CHARLESTON, S.C. — We’re flattered, but please stop. That seems to be the general sentiment of Charlestonians regarding the national press their city has garnered in the last few years, particularly around its burgeoning culinary scene.
With prime coverage from the likes of Anthony Bourdain: Parts Unknown, Bizarre Foods with Andrew Zimmern, Bon Appetit, Conde Nast Traveler and Food & Wine Magazine, Charleston has felt a substantial impact from media attention in the form of worsened traffic, rising rental prices and staffing shortages.
With a 35-person daily growth rate and tourism bringing six million visitors annually to the area, Charleston’s small town infrastructure is having a tough time keeping up with the volume of people moving throughout the peninsula and beyond.
“The people who live here are frustrated and don’t want to see Charleston continue to be number one on these lists,” says Jamee Haley, executive director of Lowcountry Local First. “While some are thriving, we’re losing those businesses that provided vital services to the people who live here.”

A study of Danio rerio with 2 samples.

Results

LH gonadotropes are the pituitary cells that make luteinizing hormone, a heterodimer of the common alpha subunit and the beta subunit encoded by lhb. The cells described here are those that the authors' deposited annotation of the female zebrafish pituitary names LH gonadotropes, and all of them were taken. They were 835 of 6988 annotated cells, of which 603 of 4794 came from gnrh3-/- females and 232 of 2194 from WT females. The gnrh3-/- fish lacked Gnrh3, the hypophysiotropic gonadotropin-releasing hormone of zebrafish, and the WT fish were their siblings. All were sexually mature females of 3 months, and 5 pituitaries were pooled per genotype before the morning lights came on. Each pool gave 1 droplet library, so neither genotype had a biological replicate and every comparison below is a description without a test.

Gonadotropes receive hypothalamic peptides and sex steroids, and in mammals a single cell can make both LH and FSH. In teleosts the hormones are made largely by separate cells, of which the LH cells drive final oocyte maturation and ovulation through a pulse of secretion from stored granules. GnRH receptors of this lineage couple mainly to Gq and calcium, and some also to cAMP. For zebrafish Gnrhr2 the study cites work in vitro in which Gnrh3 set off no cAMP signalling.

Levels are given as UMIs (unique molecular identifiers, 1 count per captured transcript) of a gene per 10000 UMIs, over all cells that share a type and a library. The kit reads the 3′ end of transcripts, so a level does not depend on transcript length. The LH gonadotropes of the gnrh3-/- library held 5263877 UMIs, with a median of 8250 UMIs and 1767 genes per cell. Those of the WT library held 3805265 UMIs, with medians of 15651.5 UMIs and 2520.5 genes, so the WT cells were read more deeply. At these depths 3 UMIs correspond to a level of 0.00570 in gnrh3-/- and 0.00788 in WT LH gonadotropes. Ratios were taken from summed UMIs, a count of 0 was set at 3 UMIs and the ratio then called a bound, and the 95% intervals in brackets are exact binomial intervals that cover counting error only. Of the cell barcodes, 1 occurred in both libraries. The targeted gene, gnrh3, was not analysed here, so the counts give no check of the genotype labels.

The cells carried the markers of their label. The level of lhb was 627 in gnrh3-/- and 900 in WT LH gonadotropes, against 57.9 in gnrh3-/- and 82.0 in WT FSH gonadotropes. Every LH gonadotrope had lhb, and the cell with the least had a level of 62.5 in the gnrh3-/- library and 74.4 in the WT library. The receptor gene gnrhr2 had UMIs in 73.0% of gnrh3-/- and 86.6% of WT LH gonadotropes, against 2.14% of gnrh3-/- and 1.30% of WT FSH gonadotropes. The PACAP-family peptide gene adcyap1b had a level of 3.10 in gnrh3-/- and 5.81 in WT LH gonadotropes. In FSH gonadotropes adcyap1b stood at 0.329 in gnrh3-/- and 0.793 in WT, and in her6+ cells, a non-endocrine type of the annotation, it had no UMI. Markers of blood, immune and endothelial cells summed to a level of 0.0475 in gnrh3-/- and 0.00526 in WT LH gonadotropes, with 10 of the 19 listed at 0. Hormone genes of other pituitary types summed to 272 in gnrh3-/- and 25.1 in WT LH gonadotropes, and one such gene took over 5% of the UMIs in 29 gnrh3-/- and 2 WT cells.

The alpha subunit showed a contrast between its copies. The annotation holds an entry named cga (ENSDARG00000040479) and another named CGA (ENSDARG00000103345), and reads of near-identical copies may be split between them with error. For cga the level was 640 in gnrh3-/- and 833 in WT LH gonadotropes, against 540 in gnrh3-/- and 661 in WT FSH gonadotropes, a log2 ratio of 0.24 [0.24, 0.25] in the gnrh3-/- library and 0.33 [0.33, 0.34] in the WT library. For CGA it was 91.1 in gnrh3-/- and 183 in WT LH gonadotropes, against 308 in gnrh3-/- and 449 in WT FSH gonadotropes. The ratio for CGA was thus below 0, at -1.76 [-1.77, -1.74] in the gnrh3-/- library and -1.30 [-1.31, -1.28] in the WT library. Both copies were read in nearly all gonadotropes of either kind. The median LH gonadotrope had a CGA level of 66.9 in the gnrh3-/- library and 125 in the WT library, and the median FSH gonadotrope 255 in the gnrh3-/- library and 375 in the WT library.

“I want to see local businesses prosper in our community, but we must be careful of not killing the goose that laid the golden egg,” she says.
The nonprofit Haley leads advocates for local independent businesses and farmers by building a place-based economy that uses the community’s public amenities to make economic progress. She says the national press has certainly had a positive effect on local restaurants, which in turn provides more opportunity for farmers in the region — but more opportunity for farmers doesn’t always equate to more revenue.
“Rents in Charleston went up 26% in one year’s time,” she says. “Local businesses have been closing their doors at an increasing rate, because the sales they make don’t equate to the rent they are paying.”
“With so many restaurants and hotels opening, there is a real staffing crisis — we have seen restaurants close their doors and some that intended to open change plans due to the lack of staffing,” Haley says.
For many local restaurant owners, the tourism is both a blessing and a curse.